As Cyclone Owen barreled towards north Queensland in Australia last week, Tesla decided to roll out the Powerwall 2’s “Storm Watch” feature, a function designed to help households prepare for possible power outages during severe weather disturbances. The update marked the first time that Tesla activated the special feature outside of the United States.
Storm Watch works by detecting incoming weather disturbances and prioritizing available power towards keeping backup functions. With the function enabled, the Powerwall 2 would automatically charge and attempt to maintain maximum capacity, allowing the battery to provide backup power when needed. The feature made its debut in the US last August, following an update on the Tesla mobile app.
Australian customers in the north town of Townsville received the update last weekend. Tesla, for its part, noted in a statement to local publication Renew Economy that the decision to activate the feature in the region was taken centrally by the company. Customers were notified of the Storm Watch feature through their mobile app, and they were informed that the function would be active until the weather event ends. Powerwall 2 owners were further notified that the battery system’s operations would revert back to their previously-selected mode after the cyclone.
Tesla’s release of Storm Watch for Powerwall 2 users in Australia seems to have been a strategic move for the company. Cyclone Owen, after all, proved to be severe, dumping what Australia’s Bureau of Meteorology (BOM) dubbed as “incredible” and “very intense” rain over parts of Queensland’s north tropical coast. Some farmers in the area reported over 700 mm of rain, with 120 mm being dumped by the cyclone every hour. Ultimately, Owen was downgraded to a tropical low on Saturday, but the damages it caused were notable nonetheless. Speaking to ABC News, sugar cane grower Paul Mizzi noted that he had to tip out at least 60 mm of water every hour to prevent his land from being overwhelmed by the cyclone.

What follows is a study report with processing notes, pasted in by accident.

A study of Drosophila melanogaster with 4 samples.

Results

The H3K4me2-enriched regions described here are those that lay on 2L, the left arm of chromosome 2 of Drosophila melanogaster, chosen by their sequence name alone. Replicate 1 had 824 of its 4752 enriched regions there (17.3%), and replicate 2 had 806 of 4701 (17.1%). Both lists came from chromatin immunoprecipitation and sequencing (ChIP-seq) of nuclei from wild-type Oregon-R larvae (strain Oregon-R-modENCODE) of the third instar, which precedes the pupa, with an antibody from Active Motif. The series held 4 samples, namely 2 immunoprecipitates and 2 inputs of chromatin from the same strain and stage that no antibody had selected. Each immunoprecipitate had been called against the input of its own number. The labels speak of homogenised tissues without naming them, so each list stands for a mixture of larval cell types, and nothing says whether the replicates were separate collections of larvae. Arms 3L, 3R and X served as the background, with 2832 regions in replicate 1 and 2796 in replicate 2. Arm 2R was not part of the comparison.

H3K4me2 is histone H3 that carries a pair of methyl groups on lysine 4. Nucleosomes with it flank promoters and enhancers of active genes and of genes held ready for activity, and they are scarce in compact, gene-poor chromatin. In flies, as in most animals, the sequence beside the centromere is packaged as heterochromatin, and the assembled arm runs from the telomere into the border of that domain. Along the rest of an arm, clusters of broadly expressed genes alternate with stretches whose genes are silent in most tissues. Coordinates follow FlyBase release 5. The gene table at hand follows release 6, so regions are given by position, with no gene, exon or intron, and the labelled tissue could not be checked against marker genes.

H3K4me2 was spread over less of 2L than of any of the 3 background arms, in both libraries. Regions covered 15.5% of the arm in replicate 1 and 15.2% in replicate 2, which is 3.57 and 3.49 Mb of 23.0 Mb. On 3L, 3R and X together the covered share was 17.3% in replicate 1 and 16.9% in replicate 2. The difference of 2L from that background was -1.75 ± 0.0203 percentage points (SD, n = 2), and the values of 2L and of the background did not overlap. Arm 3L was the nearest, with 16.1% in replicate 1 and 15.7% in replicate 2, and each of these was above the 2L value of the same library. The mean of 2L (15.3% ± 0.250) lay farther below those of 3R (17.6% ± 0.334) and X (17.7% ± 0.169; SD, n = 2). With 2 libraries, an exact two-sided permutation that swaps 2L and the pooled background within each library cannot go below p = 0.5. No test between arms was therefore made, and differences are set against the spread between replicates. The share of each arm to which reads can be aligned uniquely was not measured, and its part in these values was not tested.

“We barely slept last night, checking the rain gauge and tipping out at least two inches [60mm] every hour. It’s a totally different flood, I’ve been out there this morning on the tractor checking paddocks and we’ve had paddocks wiped out,” he said.
Tesla’s Powerwall 2 might be among the more understated products from the electric car maker, but the home battery units are incredibly impressive nonetheless. Last October, for example, a Northern California man in PG&E’s electrical service territory ended up having his electricity cut off due to high risks of fire in his area. PG&E opted to shut off power for 42 hours, and the Powerwall 2 battery kept the lights on for the entire duration of the outage. By the time the power came back on almost two days later, the home battery unit still had 9% charge remaining.
The Powerwall 2 is also a central part of one of Tesla’s most ambitious energy projects to date — the South Australia Virtual Power Plant — which will involve 50,000 connected households equipped with solar panels and home battery storage units. Together, the system is expected to deliver 250 MW of solar energy and 650 MWh of battery storage capacity, dwarfing the highly-successful Hornsdale Power Reserve.